DNA repair mechanism in the modulation of age onset of ataxia

A genetic study looking at the DNA repair mechanism in the modulation of age onset in a range of ataxias

Several spinocerebellar ataxias (SCAs), known as polyglutamine diseases, are caused by an expansion in the genes which cause the ataxia. In this group of SCAs the gene is extended because of extra copies of a series of nucleotides (identified by the letters CAG).

It has been known for some time that longer coding CAG repeat expansions are associated with earlier disease onset. However, the difference in age at onset is not always accounted for by CAG repeat length in the DNA, which implies the existence of additional modifying factors.

A study investigating genetic modifiers in Huntington’s disease (another polyglutamine disease caused by a similar genetic defect as these SCAs) has led to the identification of genes (acting in the DNA repair pathways) that can predispose for an earlier appearance of symptoms.

The research team at UCL has followed up this finding by looking at an independent cohort of polyglutamine diseases, including SCAs 1, 2, 3, 6, 7 and 17, and have confirmed the association of DNA repair genes with the age of onset in SCAs. With this current project, they plan to understand in more detail the molecular mechanisms behind it, with the eventual aim of finding ways of modifying the system and developing treatments.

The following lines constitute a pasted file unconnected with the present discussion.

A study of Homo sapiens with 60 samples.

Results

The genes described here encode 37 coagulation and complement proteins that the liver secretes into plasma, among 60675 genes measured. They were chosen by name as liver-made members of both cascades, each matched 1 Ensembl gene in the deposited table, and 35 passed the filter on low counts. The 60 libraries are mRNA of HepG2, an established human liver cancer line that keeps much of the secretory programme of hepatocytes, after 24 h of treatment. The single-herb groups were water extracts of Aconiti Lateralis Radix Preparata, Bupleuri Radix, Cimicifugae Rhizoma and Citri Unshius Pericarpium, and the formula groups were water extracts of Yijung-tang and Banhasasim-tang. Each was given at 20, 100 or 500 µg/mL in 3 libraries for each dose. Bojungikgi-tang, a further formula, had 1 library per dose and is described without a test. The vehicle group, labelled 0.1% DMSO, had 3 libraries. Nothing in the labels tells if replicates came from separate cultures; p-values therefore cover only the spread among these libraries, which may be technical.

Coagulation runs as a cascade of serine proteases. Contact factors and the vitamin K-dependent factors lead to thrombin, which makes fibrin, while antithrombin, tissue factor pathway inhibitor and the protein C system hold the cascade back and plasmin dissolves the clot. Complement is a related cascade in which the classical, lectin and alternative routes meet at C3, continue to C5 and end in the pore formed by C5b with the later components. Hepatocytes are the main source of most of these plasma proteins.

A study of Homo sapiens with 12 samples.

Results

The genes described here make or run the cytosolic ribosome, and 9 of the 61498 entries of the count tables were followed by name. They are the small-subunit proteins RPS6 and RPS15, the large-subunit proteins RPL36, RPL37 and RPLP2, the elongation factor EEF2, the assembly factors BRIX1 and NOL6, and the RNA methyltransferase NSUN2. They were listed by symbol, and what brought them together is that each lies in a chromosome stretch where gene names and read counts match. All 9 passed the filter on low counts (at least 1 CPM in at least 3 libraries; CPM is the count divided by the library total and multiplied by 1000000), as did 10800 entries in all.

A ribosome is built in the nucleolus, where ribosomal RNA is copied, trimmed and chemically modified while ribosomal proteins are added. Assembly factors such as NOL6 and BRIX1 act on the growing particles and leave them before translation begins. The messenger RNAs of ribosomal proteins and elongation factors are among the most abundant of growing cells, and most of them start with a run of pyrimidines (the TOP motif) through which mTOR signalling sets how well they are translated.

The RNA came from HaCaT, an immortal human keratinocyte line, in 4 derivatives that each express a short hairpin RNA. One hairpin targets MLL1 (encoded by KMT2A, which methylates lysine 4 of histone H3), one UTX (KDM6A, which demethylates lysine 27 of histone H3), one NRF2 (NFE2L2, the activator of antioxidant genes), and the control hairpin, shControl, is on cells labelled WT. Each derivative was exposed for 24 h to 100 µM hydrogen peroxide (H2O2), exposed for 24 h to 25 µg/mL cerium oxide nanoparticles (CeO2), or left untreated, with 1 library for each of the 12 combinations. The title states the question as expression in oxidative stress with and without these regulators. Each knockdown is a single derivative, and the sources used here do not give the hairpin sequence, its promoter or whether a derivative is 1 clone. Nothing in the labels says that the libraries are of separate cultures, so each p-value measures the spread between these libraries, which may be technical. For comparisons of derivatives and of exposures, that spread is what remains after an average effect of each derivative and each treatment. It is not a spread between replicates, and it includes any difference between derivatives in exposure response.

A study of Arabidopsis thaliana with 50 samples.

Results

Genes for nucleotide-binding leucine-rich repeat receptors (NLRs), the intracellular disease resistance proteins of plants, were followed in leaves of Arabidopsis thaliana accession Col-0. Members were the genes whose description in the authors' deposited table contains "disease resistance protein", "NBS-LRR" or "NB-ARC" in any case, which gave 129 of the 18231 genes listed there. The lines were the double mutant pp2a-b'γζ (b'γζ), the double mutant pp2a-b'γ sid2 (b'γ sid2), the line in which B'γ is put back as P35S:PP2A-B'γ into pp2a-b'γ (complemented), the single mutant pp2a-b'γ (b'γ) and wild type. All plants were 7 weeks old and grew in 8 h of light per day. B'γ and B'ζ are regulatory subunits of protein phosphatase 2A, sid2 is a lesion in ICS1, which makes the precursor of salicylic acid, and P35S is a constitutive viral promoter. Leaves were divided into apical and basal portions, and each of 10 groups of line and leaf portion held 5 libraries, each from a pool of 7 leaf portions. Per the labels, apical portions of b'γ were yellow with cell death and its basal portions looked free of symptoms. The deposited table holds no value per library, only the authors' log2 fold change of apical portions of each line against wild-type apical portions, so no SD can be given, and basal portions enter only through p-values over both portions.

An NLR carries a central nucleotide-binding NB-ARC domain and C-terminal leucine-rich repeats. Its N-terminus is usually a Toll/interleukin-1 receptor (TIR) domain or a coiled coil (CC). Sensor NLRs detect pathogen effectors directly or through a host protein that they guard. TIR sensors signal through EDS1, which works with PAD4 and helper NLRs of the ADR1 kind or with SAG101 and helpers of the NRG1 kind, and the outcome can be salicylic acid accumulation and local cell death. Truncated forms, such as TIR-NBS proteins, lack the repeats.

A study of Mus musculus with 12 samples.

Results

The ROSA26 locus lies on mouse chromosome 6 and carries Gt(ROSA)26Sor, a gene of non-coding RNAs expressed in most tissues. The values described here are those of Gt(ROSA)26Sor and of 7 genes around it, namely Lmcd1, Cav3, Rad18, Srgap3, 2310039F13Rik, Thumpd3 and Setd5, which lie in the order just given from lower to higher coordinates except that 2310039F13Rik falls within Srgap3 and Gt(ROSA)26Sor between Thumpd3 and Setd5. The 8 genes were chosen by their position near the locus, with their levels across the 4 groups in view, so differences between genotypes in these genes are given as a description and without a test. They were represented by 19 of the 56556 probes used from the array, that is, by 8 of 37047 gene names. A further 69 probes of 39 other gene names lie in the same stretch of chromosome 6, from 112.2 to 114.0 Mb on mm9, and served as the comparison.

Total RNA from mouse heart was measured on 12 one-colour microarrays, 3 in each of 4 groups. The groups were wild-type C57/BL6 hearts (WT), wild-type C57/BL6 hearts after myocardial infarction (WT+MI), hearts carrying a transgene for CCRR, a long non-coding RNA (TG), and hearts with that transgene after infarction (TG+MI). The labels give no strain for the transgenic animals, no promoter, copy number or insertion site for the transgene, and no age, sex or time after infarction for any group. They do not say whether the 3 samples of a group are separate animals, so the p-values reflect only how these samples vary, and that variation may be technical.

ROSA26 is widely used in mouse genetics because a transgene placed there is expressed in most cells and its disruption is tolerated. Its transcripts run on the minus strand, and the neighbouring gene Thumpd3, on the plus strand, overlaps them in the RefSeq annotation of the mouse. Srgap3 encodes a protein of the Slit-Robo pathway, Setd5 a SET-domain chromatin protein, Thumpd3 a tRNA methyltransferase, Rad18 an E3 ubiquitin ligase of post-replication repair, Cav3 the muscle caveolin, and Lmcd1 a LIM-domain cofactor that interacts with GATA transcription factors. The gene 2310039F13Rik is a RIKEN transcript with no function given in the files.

The research team at UCL also plan to expand these findings to other ataxias (including Friedreich’s ataxia, SCA8 and SCA12). Another part of the project involves working on a large number
of samples from people with unidentified ataxias. As mutations in DNA repair genes are causal in some ataxias, the research team will see whether the cause of the ataxia in these patients involves the DNA repair genes.

This may lead to the identification of new genes which cause ataxia and thus specific diagnoses for patients. This project will be run by a PhD student under the co-supervision of Dr Bettencourt and Prof Henry Houlden at the Institute of Neurology and Dr Paola Giunti at the London Ataxia Specialist Centre, located in the same institute at UCL.

Newsletter Ataxia UK, issue 197, spring 2017, page 6.